In a final report and draft bill published today, the Law Commission has stated that the deprivation of liberty safeguards (DoLS) are frequently not used when they should be, leaving individuals without the protections parliament intended. After local authorities experienced a tenfold increase in applications in England and a 16-fold increase in Wales following the Supreme Court’s Cheshire West judgment, the Commission was asked to examine current safeguards and found an urgent need for them to be replaced.
The report states: –
“In our view, there remains a compelling case for replacing the DoLS. There is widespread agreement that the DoLS are overly technical and legalistic, and too often fail to achieve any positive outcomes for the person concerned or their family.”
The report goes further suggesting that the best interests assessment tends to “rubber stamp” the decision already taken by the care team, meaning that the DoLS are not really a safeguard.
The Commission’s new proposed “liberty protection safeguards” would “dispense with the current carousel-like process in which, for example, a local authority makes a decision to place the person in a care home, the care home applies to the local authority for authorisation of the resulting deprivation of liberty and the local authority then decides whether to authorise a deprivation of liberty that they have already arranged.”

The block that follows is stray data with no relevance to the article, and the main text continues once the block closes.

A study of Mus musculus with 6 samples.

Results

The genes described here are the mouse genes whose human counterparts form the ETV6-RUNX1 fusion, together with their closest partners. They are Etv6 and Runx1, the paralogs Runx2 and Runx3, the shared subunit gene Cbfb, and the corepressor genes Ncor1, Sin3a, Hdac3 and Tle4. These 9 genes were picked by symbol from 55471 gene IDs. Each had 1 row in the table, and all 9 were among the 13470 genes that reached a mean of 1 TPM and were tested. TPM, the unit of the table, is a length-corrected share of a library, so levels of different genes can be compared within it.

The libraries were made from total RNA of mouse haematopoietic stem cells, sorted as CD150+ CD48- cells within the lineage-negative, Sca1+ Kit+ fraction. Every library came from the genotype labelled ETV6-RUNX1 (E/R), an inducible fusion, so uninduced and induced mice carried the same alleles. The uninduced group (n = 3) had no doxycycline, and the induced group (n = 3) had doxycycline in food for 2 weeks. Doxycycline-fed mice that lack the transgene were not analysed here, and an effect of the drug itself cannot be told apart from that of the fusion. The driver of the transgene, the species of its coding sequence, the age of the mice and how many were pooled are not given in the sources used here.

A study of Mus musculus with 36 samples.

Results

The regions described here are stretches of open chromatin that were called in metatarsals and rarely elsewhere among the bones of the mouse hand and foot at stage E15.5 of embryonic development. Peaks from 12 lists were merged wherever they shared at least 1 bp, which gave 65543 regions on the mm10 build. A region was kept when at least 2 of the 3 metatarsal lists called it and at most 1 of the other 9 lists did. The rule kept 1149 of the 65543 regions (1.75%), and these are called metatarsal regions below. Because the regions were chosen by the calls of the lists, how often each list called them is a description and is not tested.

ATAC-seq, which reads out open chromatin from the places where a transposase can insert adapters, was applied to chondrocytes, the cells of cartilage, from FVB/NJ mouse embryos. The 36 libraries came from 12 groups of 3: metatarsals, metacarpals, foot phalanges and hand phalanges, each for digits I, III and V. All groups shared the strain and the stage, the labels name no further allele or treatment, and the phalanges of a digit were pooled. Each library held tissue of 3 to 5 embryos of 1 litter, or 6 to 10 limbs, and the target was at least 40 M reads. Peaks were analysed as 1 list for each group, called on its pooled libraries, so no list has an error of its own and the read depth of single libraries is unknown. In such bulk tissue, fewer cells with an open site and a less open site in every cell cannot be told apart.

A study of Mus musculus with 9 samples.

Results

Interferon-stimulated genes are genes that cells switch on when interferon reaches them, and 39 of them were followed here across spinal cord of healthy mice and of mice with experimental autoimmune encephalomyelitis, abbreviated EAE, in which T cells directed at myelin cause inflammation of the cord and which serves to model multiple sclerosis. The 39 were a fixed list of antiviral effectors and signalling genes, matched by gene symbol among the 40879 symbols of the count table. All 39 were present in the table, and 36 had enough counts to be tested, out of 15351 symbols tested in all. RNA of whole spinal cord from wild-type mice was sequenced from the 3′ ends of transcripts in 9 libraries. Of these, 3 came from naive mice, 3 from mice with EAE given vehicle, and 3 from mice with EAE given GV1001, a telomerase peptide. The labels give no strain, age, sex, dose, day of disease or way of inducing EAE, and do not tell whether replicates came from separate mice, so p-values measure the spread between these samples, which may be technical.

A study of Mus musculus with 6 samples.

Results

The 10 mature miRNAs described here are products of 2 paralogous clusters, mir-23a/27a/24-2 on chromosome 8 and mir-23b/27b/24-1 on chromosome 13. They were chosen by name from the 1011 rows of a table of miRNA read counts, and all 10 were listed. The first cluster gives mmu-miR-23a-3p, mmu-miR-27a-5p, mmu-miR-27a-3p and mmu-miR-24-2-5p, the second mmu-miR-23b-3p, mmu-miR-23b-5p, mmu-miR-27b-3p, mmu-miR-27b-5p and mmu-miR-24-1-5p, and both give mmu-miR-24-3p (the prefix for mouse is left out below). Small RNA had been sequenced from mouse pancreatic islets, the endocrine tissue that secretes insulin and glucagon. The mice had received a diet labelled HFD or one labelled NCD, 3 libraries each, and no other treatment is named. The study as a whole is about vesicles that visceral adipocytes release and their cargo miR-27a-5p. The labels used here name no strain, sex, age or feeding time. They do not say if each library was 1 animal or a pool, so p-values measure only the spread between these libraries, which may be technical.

In “truly urgent” situations and emergencies, urgent authorisations would be replaced with a statutory authority to deprive someone of their liberty temporarily, but only to enable life-sustaining treatment or prevent a person’s condition deteriorating.
Until the proposed arrangements have been requested, a deprivation of liberty could not be imposed on someone.
Fundamentally, the Commission’s proposed scheme sets out to focus on whether a deprivation of liberty is necessary and proportionate at the stage where arrangements are being devised. The safeguards would apply to hospitals, care homes, domestic settings and supported living.
Robert Bourns, the Law Society president, said: –
“As our population ages and the number of people who need long-term care grows, we think the existing measures to protect people who lack mental capacity are not fit for purpose. We would welcome streamlined DoLS to provide vigorous protection to those who are after all some of the most vulnerable of society.”